Yesterday I stopped by Westercon for the quick whirlwind tour. It being Thursday, the programming was fairly light and I occasionally got the feeling that I was the only person there who wasn’t on a panel, but I’m working through one of the most bizarrely busy weeks ever so yesterday was my one chance to check it out.
I think what most surprised me was the dragon panel, which I went into as kind of placeholder since there wasn’t much else in the timeslot, but turned into a really interesting discussion of the philosophical and psychological role of dragons in human literature. Which, probably inevitably, led to the guy who claims that humans aren’t really Earth’s apex predator, because we got to the top of the food chain by “cheating.”
This idea keeps popping up, and it never makes any sense. The fallacy is pretty basic: You can’t cheat when there are no rules.
I thought about going with “Aaron Sorkin is yesterday’s news,” but that seemed excessively mean. And probably inaccurate.
A recurring subplot in Sorkin’s previous worst show, Studio 60 on the Sunset Strip, dealt with a character who was developing a TV show about the United Nations, which he was planning to put on HBO because it was too highbrow for the network TV audience — an idea that Amanda Peet’s fake programming director tried to dissuade him of. So it’s probably telling that now, after Studio 60 collapsed under its own baggage and Sorkin himself got to put a show on HBO, his big idea was apparently to make Studio 60 again.
The Newsroom works considerably better than Studio 60 did, largely because it doesn’t have to sell the idea that a fake version of Saturday Night Live is somehow central to the soul of American society. Unfortunately, the show doesn’t seem to advanced its analysis of the news industry much beyond a few wistful lines about how much better America was when a bunch of old white men told us what to think every night.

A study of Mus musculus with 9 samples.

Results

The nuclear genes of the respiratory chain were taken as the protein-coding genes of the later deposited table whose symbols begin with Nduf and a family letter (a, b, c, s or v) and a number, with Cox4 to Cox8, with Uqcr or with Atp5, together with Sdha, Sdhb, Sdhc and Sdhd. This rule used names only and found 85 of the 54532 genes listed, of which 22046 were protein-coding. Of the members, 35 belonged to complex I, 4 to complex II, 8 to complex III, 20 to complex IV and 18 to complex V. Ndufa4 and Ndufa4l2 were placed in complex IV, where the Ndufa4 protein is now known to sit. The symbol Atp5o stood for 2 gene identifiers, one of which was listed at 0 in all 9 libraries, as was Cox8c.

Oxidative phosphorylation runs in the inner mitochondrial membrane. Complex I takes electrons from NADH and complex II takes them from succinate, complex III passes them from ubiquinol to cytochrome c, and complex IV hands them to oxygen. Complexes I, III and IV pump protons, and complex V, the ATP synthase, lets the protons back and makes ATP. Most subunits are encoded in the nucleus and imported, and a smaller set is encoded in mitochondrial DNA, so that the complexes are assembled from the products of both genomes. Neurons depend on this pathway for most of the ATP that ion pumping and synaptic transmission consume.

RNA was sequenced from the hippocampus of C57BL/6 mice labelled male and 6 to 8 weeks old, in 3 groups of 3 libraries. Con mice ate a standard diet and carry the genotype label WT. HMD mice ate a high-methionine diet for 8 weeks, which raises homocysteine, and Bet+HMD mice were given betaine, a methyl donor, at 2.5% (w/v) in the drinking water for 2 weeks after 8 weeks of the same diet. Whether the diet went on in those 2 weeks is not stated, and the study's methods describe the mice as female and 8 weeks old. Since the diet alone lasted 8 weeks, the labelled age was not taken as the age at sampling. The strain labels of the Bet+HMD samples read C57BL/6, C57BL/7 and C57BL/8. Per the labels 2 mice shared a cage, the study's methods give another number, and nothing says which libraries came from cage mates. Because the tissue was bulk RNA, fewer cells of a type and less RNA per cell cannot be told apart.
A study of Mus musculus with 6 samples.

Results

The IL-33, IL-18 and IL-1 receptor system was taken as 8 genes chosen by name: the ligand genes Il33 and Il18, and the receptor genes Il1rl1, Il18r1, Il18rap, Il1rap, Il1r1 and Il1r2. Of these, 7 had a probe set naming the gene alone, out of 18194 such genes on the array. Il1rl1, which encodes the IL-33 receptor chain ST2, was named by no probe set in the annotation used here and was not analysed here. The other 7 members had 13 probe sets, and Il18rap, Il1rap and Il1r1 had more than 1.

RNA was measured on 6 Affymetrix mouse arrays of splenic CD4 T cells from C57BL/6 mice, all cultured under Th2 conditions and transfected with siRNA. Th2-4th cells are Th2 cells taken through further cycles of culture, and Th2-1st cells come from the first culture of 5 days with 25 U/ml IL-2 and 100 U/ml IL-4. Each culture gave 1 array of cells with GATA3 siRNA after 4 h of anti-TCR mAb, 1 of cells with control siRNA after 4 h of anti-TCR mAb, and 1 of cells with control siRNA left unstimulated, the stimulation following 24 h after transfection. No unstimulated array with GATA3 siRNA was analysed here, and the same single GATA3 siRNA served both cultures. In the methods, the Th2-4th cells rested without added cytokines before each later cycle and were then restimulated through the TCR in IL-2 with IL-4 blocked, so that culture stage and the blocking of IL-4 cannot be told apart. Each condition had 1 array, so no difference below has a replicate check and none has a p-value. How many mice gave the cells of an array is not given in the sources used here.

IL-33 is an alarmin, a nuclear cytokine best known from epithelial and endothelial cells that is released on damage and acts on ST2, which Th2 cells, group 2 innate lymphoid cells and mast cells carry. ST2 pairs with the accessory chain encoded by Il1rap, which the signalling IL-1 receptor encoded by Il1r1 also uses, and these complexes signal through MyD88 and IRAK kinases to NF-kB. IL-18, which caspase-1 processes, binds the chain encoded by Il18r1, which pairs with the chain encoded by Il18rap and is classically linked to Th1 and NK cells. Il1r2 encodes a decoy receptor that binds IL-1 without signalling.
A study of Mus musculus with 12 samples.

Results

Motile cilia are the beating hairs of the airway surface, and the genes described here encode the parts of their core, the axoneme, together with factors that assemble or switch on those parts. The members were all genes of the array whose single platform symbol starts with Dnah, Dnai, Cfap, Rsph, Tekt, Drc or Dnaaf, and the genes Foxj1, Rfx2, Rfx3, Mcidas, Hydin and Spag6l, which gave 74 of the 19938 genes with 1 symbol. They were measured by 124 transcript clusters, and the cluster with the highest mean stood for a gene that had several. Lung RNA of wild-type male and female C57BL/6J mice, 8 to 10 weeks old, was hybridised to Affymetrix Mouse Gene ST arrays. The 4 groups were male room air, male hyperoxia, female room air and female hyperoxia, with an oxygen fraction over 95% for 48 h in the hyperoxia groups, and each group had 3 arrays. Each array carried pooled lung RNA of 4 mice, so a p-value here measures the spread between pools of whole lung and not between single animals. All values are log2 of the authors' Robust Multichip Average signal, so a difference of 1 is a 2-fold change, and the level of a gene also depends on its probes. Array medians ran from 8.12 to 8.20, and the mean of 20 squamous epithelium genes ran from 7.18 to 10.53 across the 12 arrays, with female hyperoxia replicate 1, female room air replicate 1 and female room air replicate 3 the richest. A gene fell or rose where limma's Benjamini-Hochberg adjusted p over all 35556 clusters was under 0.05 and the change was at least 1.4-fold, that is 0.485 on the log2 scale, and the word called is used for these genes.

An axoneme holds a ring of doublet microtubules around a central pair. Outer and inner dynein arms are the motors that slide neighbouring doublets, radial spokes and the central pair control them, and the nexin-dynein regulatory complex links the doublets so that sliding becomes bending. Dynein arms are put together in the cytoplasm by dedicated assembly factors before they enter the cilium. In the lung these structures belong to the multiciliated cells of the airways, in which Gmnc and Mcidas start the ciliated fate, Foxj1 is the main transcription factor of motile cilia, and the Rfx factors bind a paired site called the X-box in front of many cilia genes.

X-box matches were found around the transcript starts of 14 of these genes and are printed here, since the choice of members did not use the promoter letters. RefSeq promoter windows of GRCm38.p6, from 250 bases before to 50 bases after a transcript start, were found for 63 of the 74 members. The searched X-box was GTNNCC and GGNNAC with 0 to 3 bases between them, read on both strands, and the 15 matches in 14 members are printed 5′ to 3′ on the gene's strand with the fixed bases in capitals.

Ages ago, when Sony released the original, PlayStation 3, I remarked on the snowballing size of their consoles by suggesting that the PlayStation 9 would end up being the size (and shape) of the Jupiter monolith from 2001. Then, because I was on a roll, I predicted that Sony would only build one, and that it would beam the games directly into users’ minds.
All of which means I can claim that I totally called this: Sony Computer Entertainment is buying the cloud gaming provider Gaikai, which might allow it to stream next-gen games to current-gen consoles. I just wish I could decide if I was happy about it.